Reusing rockets is the next step in space sciences and we have a whole bunch of private corporations vying to perfect the first reusable machine. In what can be termed as a milestone in the field, Blue Origin has succeeded in relaunching and landing the same old New Shepherd rocket.
Interestingly enough, the shuttle was also carrying a crew capsule, although there weren’t any human passengers in the flight, this time. However, considering that the company is developing a habit of successfully reusing rockets, they may one day soon carry humans into space.
The company appeared to be quite confident of the missions success this time, as evinced by how it gave an indication of the same to the public even before the launch.
Founder Jeff Bezos tweeted,
Working to fly again tomorrow. Same vehicle. Third time.
The company also took the opportunity to test out a couple of new additions and improvements to its rocket.
The Shepard’s BE-3 liquid hydrogen liquid oxygen engine was restarted closer to the landing pad at a mere 3,600 feet from the ground. That’s cutting things as close as it can get, because at that height and acceleration, if the rocket did not start, it would impact the ground within 6 seconds.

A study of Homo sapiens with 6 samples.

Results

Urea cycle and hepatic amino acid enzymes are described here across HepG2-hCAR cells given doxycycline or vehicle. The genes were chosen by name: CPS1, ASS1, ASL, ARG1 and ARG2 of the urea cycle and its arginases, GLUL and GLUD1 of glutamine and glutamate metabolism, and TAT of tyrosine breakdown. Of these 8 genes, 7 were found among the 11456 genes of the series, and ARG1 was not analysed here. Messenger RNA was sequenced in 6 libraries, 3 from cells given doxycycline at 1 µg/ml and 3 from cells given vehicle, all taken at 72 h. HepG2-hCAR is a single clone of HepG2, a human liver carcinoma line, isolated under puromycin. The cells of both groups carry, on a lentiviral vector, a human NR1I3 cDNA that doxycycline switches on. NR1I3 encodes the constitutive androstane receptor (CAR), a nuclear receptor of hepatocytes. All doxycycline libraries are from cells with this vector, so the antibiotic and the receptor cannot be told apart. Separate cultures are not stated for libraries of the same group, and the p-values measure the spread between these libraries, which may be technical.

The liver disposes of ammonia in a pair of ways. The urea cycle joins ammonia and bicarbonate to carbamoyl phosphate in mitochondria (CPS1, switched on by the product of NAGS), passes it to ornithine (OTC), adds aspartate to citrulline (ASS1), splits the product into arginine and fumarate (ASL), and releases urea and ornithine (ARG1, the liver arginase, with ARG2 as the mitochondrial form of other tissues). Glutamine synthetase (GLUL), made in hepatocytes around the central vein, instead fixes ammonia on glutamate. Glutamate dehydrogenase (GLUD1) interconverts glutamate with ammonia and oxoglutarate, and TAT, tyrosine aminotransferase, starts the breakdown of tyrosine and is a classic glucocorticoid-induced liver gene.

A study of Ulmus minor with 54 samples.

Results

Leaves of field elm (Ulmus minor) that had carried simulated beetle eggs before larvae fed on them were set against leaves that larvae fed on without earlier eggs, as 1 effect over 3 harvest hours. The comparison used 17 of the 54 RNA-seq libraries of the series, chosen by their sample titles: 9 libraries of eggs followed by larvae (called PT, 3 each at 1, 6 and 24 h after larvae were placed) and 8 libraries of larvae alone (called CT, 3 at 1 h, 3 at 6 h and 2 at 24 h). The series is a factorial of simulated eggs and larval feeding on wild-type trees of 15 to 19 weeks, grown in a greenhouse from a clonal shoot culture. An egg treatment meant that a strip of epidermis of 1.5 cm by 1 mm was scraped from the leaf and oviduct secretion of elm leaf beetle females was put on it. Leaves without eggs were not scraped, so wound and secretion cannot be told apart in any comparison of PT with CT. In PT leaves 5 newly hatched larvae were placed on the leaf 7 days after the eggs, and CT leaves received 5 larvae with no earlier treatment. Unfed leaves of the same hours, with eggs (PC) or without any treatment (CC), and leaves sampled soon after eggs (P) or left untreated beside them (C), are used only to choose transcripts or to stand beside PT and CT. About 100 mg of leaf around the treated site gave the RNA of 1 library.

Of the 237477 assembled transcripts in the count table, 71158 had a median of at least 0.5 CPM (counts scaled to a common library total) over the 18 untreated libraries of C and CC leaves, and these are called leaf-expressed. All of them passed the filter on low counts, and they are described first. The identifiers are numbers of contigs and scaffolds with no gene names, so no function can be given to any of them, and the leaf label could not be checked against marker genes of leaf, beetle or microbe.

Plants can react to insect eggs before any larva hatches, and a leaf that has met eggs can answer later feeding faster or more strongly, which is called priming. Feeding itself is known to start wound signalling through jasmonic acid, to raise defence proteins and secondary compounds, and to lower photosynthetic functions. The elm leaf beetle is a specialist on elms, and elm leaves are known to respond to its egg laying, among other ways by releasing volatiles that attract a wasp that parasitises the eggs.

The company also tested out a brand new radar cross section (RCS) algorithm on the crew capsule accompanying the rocket. To make the flight even more productive, the shuttle was also carrying two experiments that could be performed only somewhat beyond the confines of the earth’s gravity — that is, in microgravity.
While a University of Central Florida experiments was aimed towards testing how a layer of dust reacts to a marble impact in space, the Southwest Research Institute experiment had to do with understanding the jostling and settling of rocky soil in microgravity.
While you may be tempted to compare Blue Origins to SpaceX, which is also attempting to launch reusable rockets, maybe you shouldn’t. True, SpaceX hasn’t done anything like three successive successes in a row and has faced failure in trying to get its rockets back to earth, but then, its rocket go further and are capable of taking and hoisting things into the earths orbit.
Blue Origin rockets on the other hand, are sub orbital. That said though, what it has managed to achieve is no mean feat. Reusability is something that can cut down upon the extremely formidable costs of launching rockers into space and if achieved, has the potential to usher in the era of space tourism and exploration.